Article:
In this issue:
- Chrome will mark HTTP pages as not secure
- Short news
Chrome will mark HTTP pages as not secure
Google has been a major force in pushing HTTPS by default. For years, Google stated that the plan was to mark all HTTP connections as insecure in the Chrome browser eventually. However, this was a change that couldn’t happen overnight. It would have caused too many warnings for average Internet users, ultimately leading to warning fatigue.
But now, due to the rise in HTTPS connections, Google has decided that the time for a secure web by default has come. In July, with the release of version 68, default warnings for all HTTP web pages will land in Chrome.
This outcome was prepared over a long period. Chrome started by showing warnings on login forms and later extended that to all input forms. Also, many powerful web features like microphone access, geolocation, or HTTP/2 have been offered only via HTTPS. Mozilla has implemented similar measurements.
- GitHub has disabled support for older TLS versions 1.0 and 1.1. This action was announced in February 2017. A GitHub blog post provides a list of old clients that have compatibility problems and don’t support TLS 1.2. It’s expected that more pages will soon start deprecating old TLS versions, and in June, the PCI credit card standard will require disabling TLS 1.0.
- Researchers created an overview web page about the lattice-based algorithm proposals in the NIST postquantum competition.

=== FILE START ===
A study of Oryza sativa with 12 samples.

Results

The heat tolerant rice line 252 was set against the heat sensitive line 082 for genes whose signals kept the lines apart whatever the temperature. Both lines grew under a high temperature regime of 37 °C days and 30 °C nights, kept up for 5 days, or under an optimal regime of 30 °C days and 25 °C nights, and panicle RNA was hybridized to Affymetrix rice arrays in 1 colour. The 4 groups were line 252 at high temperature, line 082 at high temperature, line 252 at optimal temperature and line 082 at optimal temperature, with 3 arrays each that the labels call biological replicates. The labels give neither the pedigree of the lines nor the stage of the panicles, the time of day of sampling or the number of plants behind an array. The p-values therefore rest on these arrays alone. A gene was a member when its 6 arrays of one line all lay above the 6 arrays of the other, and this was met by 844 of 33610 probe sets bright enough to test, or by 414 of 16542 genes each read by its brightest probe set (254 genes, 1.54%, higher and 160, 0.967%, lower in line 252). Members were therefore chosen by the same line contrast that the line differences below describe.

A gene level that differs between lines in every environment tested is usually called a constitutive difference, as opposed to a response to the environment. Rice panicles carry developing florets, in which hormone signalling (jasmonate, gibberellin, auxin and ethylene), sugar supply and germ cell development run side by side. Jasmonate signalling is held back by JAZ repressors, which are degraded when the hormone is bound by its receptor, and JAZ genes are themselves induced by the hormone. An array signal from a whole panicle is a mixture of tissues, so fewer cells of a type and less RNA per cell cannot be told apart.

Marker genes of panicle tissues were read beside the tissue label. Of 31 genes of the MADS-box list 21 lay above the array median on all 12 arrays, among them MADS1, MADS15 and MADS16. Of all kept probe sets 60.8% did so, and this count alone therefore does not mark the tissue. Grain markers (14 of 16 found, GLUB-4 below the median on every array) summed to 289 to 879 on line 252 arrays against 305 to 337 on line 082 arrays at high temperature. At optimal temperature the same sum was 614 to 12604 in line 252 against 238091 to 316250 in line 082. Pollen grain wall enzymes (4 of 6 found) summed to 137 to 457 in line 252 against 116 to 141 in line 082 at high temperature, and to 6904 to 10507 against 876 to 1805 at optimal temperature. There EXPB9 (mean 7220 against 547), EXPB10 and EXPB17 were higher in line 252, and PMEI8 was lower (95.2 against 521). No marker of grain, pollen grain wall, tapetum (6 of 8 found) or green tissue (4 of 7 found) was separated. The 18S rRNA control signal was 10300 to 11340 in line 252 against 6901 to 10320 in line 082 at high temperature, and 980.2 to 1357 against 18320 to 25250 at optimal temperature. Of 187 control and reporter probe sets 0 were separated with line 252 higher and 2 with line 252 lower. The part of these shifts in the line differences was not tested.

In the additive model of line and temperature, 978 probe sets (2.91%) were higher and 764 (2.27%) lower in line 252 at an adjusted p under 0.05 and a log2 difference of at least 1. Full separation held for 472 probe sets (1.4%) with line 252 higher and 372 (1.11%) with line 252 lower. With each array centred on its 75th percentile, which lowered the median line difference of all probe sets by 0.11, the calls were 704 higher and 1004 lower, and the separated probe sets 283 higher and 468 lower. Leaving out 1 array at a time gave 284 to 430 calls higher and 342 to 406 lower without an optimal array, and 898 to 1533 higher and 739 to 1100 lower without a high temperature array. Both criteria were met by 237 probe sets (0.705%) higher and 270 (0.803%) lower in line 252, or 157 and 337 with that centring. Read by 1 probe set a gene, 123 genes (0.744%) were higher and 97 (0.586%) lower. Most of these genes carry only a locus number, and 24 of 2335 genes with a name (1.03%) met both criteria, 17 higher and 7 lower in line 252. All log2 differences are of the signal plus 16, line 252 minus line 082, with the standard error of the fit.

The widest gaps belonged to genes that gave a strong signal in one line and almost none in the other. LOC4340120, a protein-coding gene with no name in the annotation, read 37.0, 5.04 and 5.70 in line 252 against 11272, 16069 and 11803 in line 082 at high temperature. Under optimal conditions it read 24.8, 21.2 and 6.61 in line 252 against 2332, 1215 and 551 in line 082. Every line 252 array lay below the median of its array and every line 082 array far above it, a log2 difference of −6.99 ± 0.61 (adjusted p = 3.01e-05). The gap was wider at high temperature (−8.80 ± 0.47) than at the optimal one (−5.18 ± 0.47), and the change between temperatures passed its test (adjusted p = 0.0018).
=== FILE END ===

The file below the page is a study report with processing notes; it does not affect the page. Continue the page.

- The Caddy web server has planned a telemetry project in which it will collect data from page visitors, including lots of information related to TLS connections.
- The new RFC 8314 lays out how to run a modern mail server with TLS encryption required. Notable is that using the implicit TLS ports for POP3, IMAP, and SMTP, which previously have been unofficial and sometimes considered deprecated, is now the recommended method for TLS.
- The Chrome and Firefox browsers started distrusting old Symantec certificates. This plan was announced in August 2017, but many webmasters still don’t seem prepared to carry it out. Arkadiy Tetelman and Scott Helme independently checked webpages that use the certificates that will be distrusted. Users who want to check if they are affected can try to connect to their web pages with Chrome Canary or Firefox Nightly or can check the developer tools console in Chrome. SSL Labs also tests for the affected certificates.
- Scott Helme discussed certificate lifetimes in a blog post.
- OpenSSL released the first alpha of version 1.1.1. The largest change is the addition of support for the upcoming TLS 1.3.
- TLS 1.3 is in last call, meaning that hopefully we will see the final version very soon.
- Researchers found cryptographic vulnerabilities in Tencent’s QQ Browser. Notably, they found that the Chinese browser used Textbook RSA and RSA with extremely short and trivially breakable keys.
- A blog post shows how X.509 extensions can sometimes be used for data exfiltration.
- Gerv Markam has been working as part of Mozilla’s CA program and has made substantial contributions to the security of the CA ecosystem in the past years. Gerv is stepping down from his duties at Mozilla due to ill health.
- SSL Labs has announced changes for its rating criteria. Notably, pages without forward secrecy and without AEAD will no longer get an A rating, and pages vulnerable to ROBOT will get an F.
- Let’s Encrypt had previously announced support for wildcard certificates by the end of February, but such support has been delayed.
- Scott Helme posted statistics about TLS features in the Alexa Top 1 Million.